Nature is certainly a game-changer. While we struggle to adapt to one set of conditions, she simply crooks her little finger and, wham! a whole new scenario is in place. At this point last year, I had just sold half of my flock because there simply wasn’t enough feed to carry them through winter without significant rainfall before the end of the growing season. I experienced the first major grassfire on the property since I bought it in 2000, and even with the reduction in flock size, was not entirely sure the property would carry them through.
These conditions had been gradually developing over the previous 3 years, as persistently low rainfall limited new plant growth. Even with what I was sure was a very conservative stocking rate of 1 sheep per acre, we were still diminishing the natural capital of the system. Shepherding helped—a lot—by distributing grazing pressure over the entire area and giving animals access to, and knowledge about, forages away from the areas they would normally choose to graze on their own.
In May of last year, it began to rain. And rain. And rain. It rained all through winter, racking up an impressive 340 mm (13.4 in) between May and September. Our long-term annual average rainfall is 550 mm (21.6 in), so in those 4 months we received 60% of the annual average. It kept on raining through spring and into summer, resulting in an annual rainfall 20% higher than average. Compared with the average of the previous three years, this year represented a 70% increase in total rainfall.
First, the waterholes filled, then the ground saturated to a depth of a metre or more. Meanwhile, the water ran off into the local catchment and caused widespread flooding. Finally, in late spring as the temperatures warmed, the plants began to grow. And grow. And grow.
In the 17 years I’ve been farming here, I have never seen this level of abundance in the landscape. It’s so good it’s actually daunting. And the flock of 500 I eyed in February of last year, wondering if I should have sold more, now looks like a ridiculously small number of animals to deal with all this bounty. Which is true.
My own reaction to the abundance was to go into a small frenzy of trying to control it. Most of spring I spent asking the flock to eat the annual grasses before the seed heads developed, along with the surprisingly vigorous growth of several small patches of Patterson’s Curse which I’m legally required to control. I even started mowing the lucerne with my little slasher—a futile endeavour ending abruptly when the drive belt melted in a patch of dense tussock grass.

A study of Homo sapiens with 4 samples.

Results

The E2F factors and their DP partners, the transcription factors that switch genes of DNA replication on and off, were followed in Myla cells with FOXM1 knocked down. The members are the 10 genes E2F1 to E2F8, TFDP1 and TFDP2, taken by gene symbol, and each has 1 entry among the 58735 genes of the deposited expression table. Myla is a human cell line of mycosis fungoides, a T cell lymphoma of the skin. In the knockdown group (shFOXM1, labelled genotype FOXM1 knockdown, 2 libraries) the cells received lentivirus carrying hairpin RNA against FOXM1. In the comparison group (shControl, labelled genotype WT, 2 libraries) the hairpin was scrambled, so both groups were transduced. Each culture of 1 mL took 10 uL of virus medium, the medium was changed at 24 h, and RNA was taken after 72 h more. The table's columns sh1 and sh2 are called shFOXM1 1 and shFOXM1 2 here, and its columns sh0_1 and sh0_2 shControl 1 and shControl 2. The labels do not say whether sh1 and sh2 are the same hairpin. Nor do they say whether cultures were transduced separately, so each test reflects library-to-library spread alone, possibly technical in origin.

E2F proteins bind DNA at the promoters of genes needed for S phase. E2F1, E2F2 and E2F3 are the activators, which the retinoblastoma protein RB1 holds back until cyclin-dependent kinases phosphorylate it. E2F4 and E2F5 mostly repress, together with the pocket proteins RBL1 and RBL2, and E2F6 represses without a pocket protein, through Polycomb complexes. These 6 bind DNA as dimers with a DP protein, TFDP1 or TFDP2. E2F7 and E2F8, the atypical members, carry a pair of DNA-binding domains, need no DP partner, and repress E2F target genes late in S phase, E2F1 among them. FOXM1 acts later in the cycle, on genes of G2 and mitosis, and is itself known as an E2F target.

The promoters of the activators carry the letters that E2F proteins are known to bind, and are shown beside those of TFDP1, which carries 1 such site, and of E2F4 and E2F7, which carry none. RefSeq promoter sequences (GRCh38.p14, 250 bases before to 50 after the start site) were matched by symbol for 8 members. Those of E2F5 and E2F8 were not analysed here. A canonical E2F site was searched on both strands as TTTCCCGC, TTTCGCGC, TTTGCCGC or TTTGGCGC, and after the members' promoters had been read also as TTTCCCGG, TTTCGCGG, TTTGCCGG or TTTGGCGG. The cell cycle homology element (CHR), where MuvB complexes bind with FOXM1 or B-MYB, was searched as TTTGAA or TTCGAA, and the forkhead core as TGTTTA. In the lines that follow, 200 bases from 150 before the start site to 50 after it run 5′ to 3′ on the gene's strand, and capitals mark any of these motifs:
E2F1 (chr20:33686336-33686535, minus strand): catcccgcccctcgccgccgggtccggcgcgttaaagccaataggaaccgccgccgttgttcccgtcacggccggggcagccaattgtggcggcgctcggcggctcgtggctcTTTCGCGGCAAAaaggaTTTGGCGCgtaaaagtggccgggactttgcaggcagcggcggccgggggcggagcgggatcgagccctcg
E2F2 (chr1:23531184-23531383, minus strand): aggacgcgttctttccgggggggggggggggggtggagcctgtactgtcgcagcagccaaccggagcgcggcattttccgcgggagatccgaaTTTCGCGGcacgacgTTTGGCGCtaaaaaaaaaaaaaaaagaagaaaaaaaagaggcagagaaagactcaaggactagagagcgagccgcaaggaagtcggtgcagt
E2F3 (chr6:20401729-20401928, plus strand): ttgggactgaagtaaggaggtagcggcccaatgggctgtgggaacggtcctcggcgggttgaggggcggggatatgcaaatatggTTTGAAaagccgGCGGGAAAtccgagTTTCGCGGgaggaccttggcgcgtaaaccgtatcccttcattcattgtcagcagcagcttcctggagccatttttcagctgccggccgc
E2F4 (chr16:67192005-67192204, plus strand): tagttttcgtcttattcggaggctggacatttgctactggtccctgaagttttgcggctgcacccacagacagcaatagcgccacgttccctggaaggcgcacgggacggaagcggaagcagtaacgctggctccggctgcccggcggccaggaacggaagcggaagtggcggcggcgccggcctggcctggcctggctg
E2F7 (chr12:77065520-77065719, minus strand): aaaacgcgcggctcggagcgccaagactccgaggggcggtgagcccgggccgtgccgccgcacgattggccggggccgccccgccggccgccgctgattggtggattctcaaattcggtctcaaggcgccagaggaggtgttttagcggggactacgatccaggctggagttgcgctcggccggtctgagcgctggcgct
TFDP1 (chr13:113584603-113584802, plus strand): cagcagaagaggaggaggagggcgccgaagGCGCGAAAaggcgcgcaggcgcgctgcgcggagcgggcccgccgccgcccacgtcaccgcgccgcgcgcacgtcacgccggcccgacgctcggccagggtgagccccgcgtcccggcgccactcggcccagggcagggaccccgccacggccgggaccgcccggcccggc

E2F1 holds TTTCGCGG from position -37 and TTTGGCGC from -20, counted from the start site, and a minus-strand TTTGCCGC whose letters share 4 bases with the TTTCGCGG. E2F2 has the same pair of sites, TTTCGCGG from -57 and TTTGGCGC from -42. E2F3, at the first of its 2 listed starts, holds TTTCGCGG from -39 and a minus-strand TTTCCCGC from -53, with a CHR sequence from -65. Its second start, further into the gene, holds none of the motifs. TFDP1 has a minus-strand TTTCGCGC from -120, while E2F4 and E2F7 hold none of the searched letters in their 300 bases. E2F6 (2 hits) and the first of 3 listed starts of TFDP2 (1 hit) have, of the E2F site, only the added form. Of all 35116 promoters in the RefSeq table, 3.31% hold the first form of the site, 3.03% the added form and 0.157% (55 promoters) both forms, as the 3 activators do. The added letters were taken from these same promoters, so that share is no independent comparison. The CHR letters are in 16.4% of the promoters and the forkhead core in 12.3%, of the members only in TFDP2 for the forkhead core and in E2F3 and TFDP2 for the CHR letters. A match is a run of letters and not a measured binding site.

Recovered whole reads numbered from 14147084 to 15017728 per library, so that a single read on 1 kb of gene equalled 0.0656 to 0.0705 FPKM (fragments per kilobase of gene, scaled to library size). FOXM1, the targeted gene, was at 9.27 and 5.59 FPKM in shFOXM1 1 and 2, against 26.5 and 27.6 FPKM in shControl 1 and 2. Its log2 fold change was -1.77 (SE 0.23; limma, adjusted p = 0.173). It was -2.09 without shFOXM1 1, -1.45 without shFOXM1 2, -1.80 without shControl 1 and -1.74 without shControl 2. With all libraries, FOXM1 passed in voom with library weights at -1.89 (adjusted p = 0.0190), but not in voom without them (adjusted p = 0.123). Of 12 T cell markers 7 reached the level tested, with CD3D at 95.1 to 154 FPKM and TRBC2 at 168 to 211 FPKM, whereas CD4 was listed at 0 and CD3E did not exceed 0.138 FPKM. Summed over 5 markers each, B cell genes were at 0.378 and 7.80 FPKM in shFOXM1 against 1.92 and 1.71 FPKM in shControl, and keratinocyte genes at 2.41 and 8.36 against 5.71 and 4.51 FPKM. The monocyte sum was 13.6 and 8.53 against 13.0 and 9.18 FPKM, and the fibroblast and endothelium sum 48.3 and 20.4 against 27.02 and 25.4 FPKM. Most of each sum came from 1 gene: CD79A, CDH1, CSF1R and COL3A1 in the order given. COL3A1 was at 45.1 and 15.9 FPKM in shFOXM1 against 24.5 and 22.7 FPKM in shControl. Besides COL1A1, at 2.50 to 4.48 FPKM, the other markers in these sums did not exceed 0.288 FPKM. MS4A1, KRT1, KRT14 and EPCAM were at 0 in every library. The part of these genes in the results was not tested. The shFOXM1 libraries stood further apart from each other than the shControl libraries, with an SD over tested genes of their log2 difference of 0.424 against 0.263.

Eventually, I had to admit defeat. Gradually, defeat changed to acceptance, and more recently, to pleasure in the huge gift nature has given me—a “get out of jail free” card which, used wisely, will set me up for the next phase of getting closer to sustainability, despite the abuse the sheep and I dealt out to the landscape over the past 3 years.
The grass is so long I can’t find most of my old farm tracks. The few tracks I have kept open have grass so high in the middle there is a continual swishing sound of grass rubbing the undercarriage of the electric Polaris when I run the dogs. The swishing sound reminded me of an anecdote Allan Savory tells in his book Holistic Management about the oil sump of his Land Rover and long grass.
In 1959, just before an extensive program to limit grazing and use fire to restore grasslands began in southern Zimbabwe, he noticed the long savannah grasses were polishing the undercarriage and even wearing down the plug on the oil sump of his Land Rover. Six years later, all the vehicles had grease and dirt accumulations—the program had failed in its objectives, and there was little dense grass cover. These observations, amid others, lead Allan to develop many of his ideas about Holistic Management, including the need for animal impact in order to maintain a healthy ecosystem.
It’s been a long time since I’ve heard the swishing sound, and it is an indicator of the gift this season has given us. My job now is to use the gift wisely.
Long grass in a production system gets a bad rap. It is certainly true you can get more biomass by grazing or mowing it before the seed heads mature. Tall grass makes the humans’ jobs harder in many ways—over much of the property, I can’t even see my sheep, let alone my working dogs, in the long grass. And asking sheep to enter an area potentially chock full of unseen predators is a thankless shepherding task.
On the other hand, through the process of accepting that I could not even begin to control this level of growth, I began to sit back and just observe what was happening. Perhaps the most significant observation so far is the canopy the tall grass is forming over shorter grasses and forbs (broad-leaf plants), protecting them from evaporation and creating a green understory system. Although allowing grass to grow tall and go to seed arguably reduces grass biomass, the diversity of the sward is increased, and forb biomass may well be enhanced.
The nature of the game, I keep re-learning, is to play it by nature’s rules. She holds all the high cards.